The Virgin Mary in High Medieval England, A Divinely Malleable Woman: Virgin, Intercessor, Protector, Mother, Role Model
Cara Elizabeth Furman
TRICERATOPS: TriCollege Digital Repository, History Senior Thesis, Haverford College. Dept. of History, April 13, (2003)
This thesis examines the significance of the Virgin Mary in England between the late fourteenth century and early fifteenth century. In my investigation of three primary sources, Robin Hood tales, the Mystery Play s, and the Mary Play at N-Town, Mary served distinctly different purposes. Yet, in identifying what each group required from Mary, broader tensions in English society become apparent. For those disenfranchised from the Catholic clergy, Mary was another route to God. The Catholic Church, losing power as an institution, employed the ideal of Mary to teach parishioners to be a good Christian and later to defend Catholicism against reformist movements. One trait that remained constant for Mary was role as intercessor. For Catholics, she had a direct connection to God and could plead on people’s behalf. For Protestants, she saved souls as a model of faith. Though all technically Catholic texts, the primary sources in this chapter show both Catholic and Protestant ideas. Mary’s intercessary role illustrates how people were struggling between the ideals of the two religions.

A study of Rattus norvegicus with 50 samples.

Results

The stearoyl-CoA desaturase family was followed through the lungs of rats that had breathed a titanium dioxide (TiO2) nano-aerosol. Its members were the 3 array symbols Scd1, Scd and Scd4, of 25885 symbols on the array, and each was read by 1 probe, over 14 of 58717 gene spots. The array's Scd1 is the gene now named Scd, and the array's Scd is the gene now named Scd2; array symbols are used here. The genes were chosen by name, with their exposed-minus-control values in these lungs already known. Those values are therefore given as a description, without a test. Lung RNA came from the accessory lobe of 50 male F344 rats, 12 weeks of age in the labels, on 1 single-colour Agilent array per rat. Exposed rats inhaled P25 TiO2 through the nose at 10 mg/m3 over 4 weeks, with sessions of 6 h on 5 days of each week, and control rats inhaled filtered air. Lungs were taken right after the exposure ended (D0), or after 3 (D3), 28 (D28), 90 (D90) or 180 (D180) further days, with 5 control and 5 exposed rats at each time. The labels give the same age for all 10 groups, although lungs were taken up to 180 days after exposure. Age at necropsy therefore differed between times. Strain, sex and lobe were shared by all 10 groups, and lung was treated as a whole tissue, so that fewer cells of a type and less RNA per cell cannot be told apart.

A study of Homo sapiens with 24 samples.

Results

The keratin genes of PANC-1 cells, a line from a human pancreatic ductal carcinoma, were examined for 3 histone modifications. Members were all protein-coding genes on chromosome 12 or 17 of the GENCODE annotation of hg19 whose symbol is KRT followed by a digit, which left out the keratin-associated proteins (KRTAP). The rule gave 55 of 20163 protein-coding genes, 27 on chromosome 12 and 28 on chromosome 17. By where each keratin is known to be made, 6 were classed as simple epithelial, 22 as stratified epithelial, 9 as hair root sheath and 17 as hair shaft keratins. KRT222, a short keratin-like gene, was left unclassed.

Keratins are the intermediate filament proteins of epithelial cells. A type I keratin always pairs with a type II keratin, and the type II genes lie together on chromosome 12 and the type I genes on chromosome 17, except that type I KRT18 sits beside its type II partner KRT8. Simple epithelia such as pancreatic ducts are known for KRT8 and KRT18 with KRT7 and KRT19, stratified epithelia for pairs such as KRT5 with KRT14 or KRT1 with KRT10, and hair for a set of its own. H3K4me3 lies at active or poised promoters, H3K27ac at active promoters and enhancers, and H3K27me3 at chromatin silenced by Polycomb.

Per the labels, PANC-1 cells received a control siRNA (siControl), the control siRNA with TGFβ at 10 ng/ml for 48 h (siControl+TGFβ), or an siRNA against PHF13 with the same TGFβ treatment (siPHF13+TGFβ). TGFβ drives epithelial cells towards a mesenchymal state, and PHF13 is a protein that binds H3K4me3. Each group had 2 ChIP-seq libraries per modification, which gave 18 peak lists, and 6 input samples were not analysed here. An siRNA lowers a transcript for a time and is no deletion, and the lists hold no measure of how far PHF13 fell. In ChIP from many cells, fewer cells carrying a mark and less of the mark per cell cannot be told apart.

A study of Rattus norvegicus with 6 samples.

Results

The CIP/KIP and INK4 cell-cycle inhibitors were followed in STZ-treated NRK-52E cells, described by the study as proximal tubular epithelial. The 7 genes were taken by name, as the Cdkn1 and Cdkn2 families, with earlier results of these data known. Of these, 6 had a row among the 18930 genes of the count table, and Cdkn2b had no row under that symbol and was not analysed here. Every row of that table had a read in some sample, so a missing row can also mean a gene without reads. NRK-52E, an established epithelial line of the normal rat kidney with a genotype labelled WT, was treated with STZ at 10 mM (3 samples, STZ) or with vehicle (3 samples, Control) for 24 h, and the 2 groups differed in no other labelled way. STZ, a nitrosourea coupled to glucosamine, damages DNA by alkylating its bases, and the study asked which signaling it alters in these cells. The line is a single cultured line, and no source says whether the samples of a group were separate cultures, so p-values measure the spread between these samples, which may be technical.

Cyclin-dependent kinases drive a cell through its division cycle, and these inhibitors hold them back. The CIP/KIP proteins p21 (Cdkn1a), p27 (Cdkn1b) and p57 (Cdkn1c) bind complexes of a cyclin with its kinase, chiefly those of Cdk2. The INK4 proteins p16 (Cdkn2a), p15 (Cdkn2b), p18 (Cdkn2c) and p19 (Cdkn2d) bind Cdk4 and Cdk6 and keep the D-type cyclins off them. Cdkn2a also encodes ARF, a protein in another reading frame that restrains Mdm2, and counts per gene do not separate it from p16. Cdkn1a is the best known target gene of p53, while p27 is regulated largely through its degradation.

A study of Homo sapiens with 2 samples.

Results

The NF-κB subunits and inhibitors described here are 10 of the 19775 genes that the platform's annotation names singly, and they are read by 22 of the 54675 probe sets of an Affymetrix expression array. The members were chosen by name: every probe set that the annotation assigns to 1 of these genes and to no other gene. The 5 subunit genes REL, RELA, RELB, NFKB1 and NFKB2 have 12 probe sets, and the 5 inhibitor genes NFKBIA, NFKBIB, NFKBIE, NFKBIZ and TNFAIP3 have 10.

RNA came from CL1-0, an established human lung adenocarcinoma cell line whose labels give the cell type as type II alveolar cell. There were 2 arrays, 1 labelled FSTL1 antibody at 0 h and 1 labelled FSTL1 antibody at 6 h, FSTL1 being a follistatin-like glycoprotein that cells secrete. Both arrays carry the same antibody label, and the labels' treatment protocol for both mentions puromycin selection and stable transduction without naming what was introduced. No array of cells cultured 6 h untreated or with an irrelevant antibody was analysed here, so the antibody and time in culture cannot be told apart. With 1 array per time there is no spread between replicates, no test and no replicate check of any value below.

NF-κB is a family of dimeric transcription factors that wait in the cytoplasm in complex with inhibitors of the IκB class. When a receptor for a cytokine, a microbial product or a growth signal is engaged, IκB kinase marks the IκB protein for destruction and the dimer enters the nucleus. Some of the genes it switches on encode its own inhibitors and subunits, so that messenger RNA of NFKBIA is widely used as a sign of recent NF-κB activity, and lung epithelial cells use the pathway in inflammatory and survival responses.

In identifying what each source required from Mary, broader tensions in English society become apparent. From 1300 on, the English were becoming more urban with an increasingly large percentage of people living in the city. While the Black Death had decimated populations everywhere (ca.1350), the cities recovered faster than the rural areas. Laborers flocked from devastated countrysides to cities in search of work. The commercial urban economy provided the funds for a new aristocracy to develop. Guilds and small businesses led to a burgeoning middle class. An urban laboring class also developed, working under the new aristocracy and middle class. By the fifteenth century, a population economically and politically independent from the landed aristocracy had developed in the cities.